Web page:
Subjunctive as 'Consecutive' marker
frank.zidle at GMAIL.COM
Sat Sep 17 22:00:33 UTC 2011
I have worked (or am working) descriptively on two non-related African
languages (Yeyi, Bantu) and (Nalu, Atlantic) and in both languages I have
found a marker that works subjunctively, e.g. it appears in subordinate
sentences expressing purpose, wishes, necessity etc. and it can be used to
form polite directives or obligatives.
Interestingly to me, the same marker appears in narrative texts used as a
dependent 'tense' marker, i.e. it orders events consecutively to a (usually
aforementioned) event. In other words, it appears on predicates that encode
consecutive events after a baseline time of reference has been established,
usually by a previous explicitly TAM marked predicate. It basically adds the
meaning 'and then' to the proposition (see example below).
I am interested, if anybody working on languages outside of Africa has ever
come across such an overlap between subjunctive and narrative functions.
However, comments about other African languages are also highly welcome.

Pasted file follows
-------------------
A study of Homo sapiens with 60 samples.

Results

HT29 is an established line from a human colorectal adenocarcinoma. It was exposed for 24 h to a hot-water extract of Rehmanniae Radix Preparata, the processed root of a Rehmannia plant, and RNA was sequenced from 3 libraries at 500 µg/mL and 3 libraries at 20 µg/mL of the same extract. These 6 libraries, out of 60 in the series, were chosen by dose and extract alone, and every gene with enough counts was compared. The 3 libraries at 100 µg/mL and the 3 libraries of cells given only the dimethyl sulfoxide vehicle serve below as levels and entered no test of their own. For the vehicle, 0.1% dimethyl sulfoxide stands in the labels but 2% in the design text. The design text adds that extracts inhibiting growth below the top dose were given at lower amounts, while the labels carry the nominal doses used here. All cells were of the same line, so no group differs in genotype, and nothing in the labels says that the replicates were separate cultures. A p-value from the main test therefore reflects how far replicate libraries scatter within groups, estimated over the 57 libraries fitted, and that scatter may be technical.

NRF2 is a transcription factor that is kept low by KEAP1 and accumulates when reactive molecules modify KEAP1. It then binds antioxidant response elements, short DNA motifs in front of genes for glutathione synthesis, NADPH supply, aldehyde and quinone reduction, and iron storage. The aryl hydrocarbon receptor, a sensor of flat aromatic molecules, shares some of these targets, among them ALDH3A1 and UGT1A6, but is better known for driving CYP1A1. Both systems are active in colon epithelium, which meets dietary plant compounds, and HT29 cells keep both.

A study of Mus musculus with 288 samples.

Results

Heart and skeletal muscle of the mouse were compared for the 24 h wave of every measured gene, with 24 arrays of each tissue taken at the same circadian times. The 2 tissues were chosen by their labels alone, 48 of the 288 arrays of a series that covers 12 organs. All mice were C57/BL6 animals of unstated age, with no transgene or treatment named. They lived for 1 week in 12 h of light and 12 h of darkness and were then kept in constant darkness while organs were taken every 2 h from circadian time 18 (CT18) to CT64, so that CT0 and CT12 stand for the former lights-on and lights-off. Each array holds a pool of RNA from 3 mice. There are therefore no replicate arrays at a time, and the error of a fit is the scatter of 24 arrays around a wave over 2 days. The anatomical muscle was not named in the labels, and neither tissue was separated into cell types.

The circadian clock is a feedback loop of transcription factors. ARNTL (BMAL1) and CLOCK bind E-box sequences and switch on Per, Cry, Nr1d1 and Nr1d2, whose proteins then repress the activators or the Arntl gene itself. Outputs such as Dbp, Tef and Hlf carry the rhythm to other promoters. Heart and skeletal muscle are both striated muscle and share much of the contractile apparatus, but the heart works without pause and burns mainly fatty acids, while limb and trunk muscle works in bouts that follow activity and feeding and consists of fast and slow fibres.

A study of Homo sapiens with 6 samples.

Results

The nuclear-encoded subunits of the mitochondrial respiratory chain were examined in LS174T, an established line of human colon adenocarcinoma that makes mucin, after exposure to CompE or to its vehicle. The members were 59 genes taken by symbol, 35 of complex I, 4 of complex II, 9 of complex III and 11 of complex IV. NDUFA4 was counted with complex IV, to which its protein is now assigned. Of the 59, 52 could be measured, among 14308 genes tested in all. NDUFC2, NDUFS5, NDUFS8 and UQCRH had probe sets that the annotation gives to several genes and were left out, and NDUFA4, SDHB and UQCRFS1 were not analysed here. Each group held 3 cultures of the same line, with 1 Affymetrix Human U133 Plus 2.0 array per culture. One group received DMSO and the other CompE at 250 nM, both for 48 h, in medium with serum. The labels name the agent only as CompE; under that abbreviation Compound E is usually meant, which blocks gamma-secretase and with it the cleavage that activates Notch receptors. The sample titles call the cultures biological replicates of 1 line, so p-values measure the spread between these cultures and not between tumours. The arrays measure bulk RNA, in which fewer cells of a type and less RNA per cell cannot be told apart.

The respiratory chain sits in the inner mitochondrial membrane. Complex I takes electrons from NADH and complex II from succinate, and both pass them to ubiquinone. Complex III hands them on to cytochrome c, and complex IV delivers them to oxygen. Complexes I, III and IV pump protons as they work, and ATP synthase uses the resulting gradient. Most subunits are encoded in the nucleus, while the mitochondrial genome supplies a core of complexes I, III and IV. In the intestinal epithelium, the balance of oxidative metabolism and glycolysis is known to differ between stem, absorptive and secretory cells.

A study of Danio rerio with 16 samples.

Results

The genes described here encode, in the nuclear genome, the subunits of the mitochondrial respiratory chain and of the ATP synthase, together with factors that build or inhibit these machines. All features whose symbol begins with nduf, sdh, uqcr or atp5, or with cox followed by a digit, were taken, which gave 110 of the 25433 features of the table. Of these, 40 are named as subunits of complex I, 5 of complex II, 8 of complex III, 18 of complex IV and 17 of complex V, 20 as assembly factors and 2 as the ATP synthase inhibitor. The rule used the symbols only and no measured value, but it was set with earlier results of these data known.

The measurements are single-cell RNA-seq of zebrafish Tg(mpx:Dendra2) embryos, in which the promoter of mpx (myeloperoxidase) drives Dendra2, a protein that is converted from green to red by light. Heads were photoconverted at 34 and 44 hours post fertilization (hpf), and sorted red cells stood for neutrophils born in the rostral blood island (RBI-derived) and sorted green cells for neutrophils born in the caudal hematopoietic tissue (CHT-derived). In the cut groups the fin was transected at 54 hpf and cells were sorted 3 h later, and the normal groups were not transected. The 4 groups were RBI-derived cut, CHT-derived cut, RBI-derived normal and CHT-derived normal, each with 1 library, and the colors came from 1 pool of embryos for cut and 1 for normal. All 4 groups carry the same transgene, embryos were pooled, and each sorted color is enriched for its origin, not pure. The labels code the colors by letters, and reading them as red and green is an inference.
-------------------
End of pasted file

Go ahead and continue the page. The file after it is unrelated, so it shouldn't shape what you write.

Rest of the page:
[Please note that the glossing for Nalu is still preliminary, since i have
just started decoding Nalu grammar.]
[For people who wonder about a marker *ku-* being designated as a
subjunctive in a Bantu language, please note that Yeyi also features the
more typically Bantu suffix *-e* to mark the subjunctive. In contrast to the
'consecutive tense' *ku-* illustrated below this subjunctive form does not
appear as a 'consecutive tense'. If *ku-* is used subjunctively it bears
habitual meaning that is best rendered as 'always' or 'continually' in
English. I have included a contrast below after the narrative example on
Thanks to all of you in advance for your comments.
That one said (it) to me that:
... If it is that the thing of money arranges it,
so we will arrange it.
If it is that another thing arranges it,
so we will arrange it.
And then I said that: "That way, it is."
They took the food, and gave it to us. And we ate, and ate, and ate. We
finished, and then we slept. In the morining they said: "Let's go, let's
take you (to the workplace)"
*ku-* and *-e *in Yeyi
(933) (Textual example)
You should not continually refuse men like that.
You should not refuse men like that.